Celebrating the publication of Van Life Cookbook, authors Danny Jack and Hailee Kukura talk about how their van life came to be, and what inspired them to write a cookbook. They also share a recipe from the book for delicious and refreshing summer rolls.
“The idea of our book came about in the summer of 2020 when we both put the finishing touches on the van towards the end of the nationwide Coronavirus lockdown and needed a creative project to get stuck into. Danny finished the fit out inside the van, and I painted a mural on the bulkhead screen. Needless to say, the van came into its own that year when Danny’s events work suddenly stopped and I was placed on furlough. Our van provided an essential space for us to escape to nature and make sense of our changing circumstances. Since then, our trips together and to see friends have proven fundamental to our shared well-being, experiences and appreciation of our environment”
“Having lived and worked in London since 2011, I began looking for more meaningful ways to spend my evenings and weekends and became inspired by self-build campervan videos and people’s stories on Youtube. These offered up a new DIY challenge as well as an economical alternative to buying a purpose-built camper or RV. The appeal of having a spontaneous city escape vehicle grew quickly and in early 2018 after purchasing our van online, the van build commenced outside of our flat in London. What started out as a part-time project during evenings and weekends became a two year on and off programme, fitting around work commitments eventually getting it over the finish line in 2020
It was that summer when travel restrictions eased that really ignited our passion for exploring in the van and adopting the principles of van life: eating well, having an appreciation of nature, living simply and frugally and enjoying more of the good life that led to the idea for the book ”
Summer rolls with cheat’s peanut satay sauce
I learned how to make summer rolls from my friend’s mother, Mai Lan, who created the most wonderful Vietnamese dishes from her kitchen on Orcas Island. You can buy the rice paper from any Asian supermarket or online, and once you get the knack of the water preparation, they are super simple and fun to make. They keep well for picnics with a damp piece of kitchen paper on top to keep the rice paper fresh.
Makes 6 summer rolls
For the summer rolls
100g/31/2 oz dried thin rice noodles
a splash of sesame or olive oil (optional)
6 round sheets of rice paper (each
18cm/7 inches wide)
1 carrot, washed and sliced into
finger-length thin strips like thick matchsticks
1/2 cucumber, sliced the same as the carrot
3 radishes, sliced (optional)
5 Little Gem lettuce leaves, finely chopped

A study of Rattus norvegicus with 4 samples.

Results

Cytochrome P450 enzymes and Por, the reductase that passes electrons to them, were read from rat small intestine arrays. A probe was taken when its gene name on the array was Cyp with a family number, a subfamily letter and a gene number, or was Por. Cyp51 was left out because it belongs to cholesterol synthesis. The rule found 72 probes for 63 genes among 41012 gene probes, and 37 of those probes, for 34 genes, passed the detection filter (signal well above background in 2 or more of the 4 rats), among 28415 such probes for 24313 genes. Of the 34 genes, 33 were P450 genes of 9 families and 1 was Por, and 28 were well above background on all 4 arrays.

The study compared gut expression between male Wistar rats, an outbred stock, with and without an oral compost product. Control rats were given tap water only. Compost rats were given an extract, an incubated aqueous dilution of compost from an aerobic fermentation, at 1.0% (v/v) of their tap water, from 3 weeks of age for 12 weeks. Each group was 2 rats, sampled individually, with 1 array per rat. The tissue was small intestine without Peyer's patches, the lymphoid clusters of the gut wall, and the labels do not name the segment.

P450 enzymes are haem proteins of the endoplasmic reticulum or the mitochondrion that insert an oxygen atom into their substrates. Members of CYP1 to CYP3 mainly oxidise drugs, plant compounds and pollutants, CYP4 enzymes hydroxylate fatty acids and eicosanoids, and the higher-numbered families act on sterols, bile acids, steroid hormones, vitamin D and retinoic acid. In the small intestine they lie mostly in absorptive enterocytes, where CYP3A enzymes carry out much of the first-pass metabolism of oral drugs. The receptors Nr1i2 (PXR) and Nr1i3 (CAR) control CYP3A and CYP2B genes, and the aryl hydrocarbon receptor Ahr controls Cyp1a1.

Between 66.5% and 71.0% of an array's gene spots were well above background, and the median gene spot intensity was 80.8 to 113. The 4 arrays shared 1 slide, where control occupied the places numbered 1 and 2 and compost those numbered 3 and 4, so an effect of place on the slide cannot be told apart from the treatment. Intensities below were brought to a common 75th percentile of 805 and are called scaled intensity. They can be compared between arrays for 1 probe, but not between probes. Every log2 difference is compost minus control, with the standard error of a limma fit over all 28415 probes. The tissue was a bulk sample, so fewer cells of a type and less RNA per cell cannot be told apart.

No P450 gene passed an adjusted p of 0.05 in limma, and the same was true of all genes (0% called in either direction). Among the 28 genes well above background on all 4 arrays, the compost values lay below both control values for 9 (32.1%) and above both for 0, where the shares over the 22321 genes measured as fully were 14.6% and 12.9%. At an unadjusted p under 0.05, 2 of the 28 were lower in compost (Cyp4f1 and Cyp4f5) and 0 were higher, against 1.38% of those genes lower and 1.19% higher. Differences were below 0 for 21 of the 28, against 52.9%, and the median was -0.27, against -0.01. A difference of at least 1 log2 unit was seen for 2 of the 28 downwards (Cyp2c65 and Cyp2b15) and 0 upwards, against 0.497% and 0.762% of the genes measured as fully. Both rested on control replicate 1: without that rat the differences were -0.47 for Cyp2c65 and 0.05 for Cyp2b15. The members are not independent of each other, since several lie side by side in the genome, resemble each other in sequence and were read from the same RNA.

6 sprigs of mint, leaves picked
6 sprigs of coriander, cut into thirds lengthways
For the cheat’s peanut satay sauce
3 tbsp peanut butter (preferably smooth)
1 tbsp rice wine vinegar, or grated
zest and juice of 1/2 lime
1/2 tsp white sugar
2 tsp soy sauce
First prep all the ingredients for the summer rolls and put in separate piles on a plate or in small containers.
For the peanut satay sauce, in a small dish, simply stir together the peanut butter with the vinegar or lime zest and juice, sugar, soy sauce and 1 tablespoon of water until fully incorporated and smooth. If it’s a little thick, stir in a little more water. Set aside.
Cook the rice noodles according to the packet instructions. Drain, refresh with cold water, then drain again and leave in the pot. You can toss them with a little sesame or olive oil to prevent them from sticking together, if needed.
Take your first round of rice paper, then submerge it in a shallow dish of cold water for 11/2 minutes or until fully pliable. Carefully take it out and place on a dry wooden chopping board or clean tea towel. Add a few of the noodles and a few pieces of each vegetable, lettuce and herbs to the middle of the rice paper round, arranging them neatly.
Next, roll up like a burrito, folding in the ends first, then the rest, packing tightly as you move upwards. Add a little more water with your finger when you get to the end if it’s too dry and use it as glue to help it stick together, resting it seam-side down on the board. This takes some practice but even the messy ones are tasty, so keep going! Repeat for the remaining rolls.
To serve, cut the rolls (on the diagonal, if you like) in half or quarters and enjoy with the peanut satay dipping sauce.
Extract from Van Life Cookbook: Resourceful recipes for life on the road: from small spaces to the great outdoors by Danny Jack and Hailee Kukura. Photography by Holly Farrier.